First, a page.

Steam Canners

I just found out that the Steam Canner has finally been tested and approved for home canning of high acid foods by the Wisconsin County Extension. I want to give you information on using a Steam Canner so you can be informed.  I also want to point out that even though Wisconsin has tested and approved the Steam Canner that the USDA and NCHFP has still not put their approval on them.  The Utah County Extension states that they must agree with the USDA and NCHFP but also states that if you use one that it should only be with High Acid Foods like fruits, jams and jellies.

Please click this link to read the article from Utah State County Extension

I am providing you this information based on the University of Wisconsin-Extension.  Just click the link below to read their article.

Safe Preserving: Using an Atmospheric Steam Canner

Here are the guidelines for using an Atmospheric Steam Canner for Home Food Preservation as posted by Dr. Barbara Ingham,
June 2015

The University of Wisconsin-Madison has published research which indicates that an Atmospheric Steam canner may be used for home canning of naturally acid foods such as peaches, pears, and apples, or acidified-foods such as salsa or pickles, as long as all the following criteria are met:

 • Foods must be high in acid, with a pH of 4.6 or below. Either a Boiling Water Canner or an Atmospheric Steam Canner can be used to safely preserve foods high in acid.

 • A research tested recipe developed for a boiling water canner must be used in conjunction with the Atmospheric Steam Canner. Approved recipes are available from sources such as the National Center for Home Food Processing and Preservation: Standard canning jars with 2-piece metal lids must be used. The booklet accompanying an Atmospheric Steam Canner can’t be relied on to provide safe canning instructions.

 • Jars must be processed in pure steam at 212°F. The canner must be vented prior to starting the processing time until a full column of steam appears. A full column of steam (6-8 inches) should be observed venting from the hole(s) in the side of the canner during the entire timed process. Ideally, temperature should be monitored with a thermometer placed in the vent port, but the placement of jars in the canner may make this difficult. Some appliances come with a built-in temperature sensor in the dome lid and these appear to be accurate.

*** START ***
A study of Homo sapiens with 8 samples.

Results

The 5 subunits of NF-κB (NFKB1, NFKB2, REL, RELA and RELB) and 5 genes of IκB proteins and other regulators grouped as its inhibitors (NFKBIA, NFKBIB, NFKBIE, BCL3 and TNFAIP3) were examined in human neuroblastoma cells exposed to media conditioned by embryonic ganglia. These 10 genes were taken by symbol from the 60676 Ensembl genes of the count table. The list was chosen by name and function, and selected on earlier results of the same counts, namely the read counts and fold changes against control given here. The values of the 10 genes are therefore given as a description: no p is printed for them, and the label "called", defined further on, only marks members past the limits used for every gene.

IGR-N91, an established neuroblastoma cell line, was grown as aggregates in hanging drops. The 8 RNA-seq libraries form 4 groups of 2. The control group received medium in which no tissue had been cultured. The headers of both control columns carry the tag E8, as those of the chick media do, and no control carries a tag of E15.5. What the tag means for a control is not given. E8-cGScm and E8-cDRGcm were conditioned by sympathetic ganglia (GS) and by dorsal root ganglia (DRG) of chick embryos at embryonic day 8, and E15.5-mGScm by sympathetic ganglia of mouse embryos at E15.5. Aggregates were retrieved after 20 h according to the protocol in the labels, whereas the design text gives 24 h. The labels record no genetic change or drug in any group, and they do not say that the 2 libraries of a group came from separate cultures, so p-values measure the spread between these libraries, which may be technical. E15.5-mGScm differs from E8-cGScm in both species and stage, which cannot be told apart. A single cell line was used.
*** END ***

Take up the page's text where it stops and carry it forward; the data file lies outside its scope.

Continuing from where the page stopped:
• Jars must be heated prior to filling, and filled with hot liquid (raw or hot pack). An Atmospheric Steam Canner can be used with recipes approved for half-pint, pint, or quart jars.

 • Processing time must be modified for elevation as required by a tested recipe. Elevation for any address can be checked here:

 • Processing time must be limited to 45 minutes or less, including any modification for elevation. The processing time is limited by the amount of water in the canner base. When processing food, the canner should not be opened to add water. Regulate heat so that the canner maintains a temperature of 212°F. A canner that is boiling too vigorously can boil dry within 20 minutes. IF a canner boils dry, the food is considered under-processed and therefore potentially unsafe.

 • Cooling of jars must occur in still, ambient air. Cooling is important for safety. Jars should be cooled on a rack or towel away from drafts. Jars should not force-cooled.

Download and Print guidelines for using a steam canner by clicking one of these links.  (Wisconsin (word) (pdf); all other states (word)(pdf)).

Click HERE to read a PDF version of the guidelines for using a Steam Canner for all states other than Wisconsin. 

This is an email that was sent by Elizabeth Andress from the NCHFP concerning the Steam Canner.

"There is no official NCHFP statement on using atmospheric steam canners at this point. As long as you are able to meet the requirements that Dr. Ingham at University of Wisconsin has published/presented, then you should be able to use them to process acid or properly acidified foods using the USDA process times. But all her conditions should be met -- for example, (I don't have the whole list here but they are in her blog article): measuring the temperature of flowing steam inside the dome before starting the process time, no process time longer than 45 minutes, do not open the canner during any of the process time, etc. Right now, people are free to use Dr. Ingham's advice from the University of Wisconsin. It will take us some time to have an official set of directions from the NCHFP on our website, but this research was conducted in cooperation with our project, and I support her findings."

Update from NCHFP:  They have now put their seal of approval on using the Steam Canner

Sufficient studies and peer review have been completed that we are now able to say that as long as certain critical controls at various steps in the canning process are achieved, USDA and NCHFP process times for canning acid or properly acidified foods (pH of 4.6 or below) at home with properly research based recipes and procedures can be used. The research looked at temperature distribution in the steam environment surrounding the jars in a dome-style steam canner, heating patterns of several different food types during processing in the canner, and the contribution of standardized cooling procedures at the end of the process time.
Click HERE to read the entire article from NCHFP.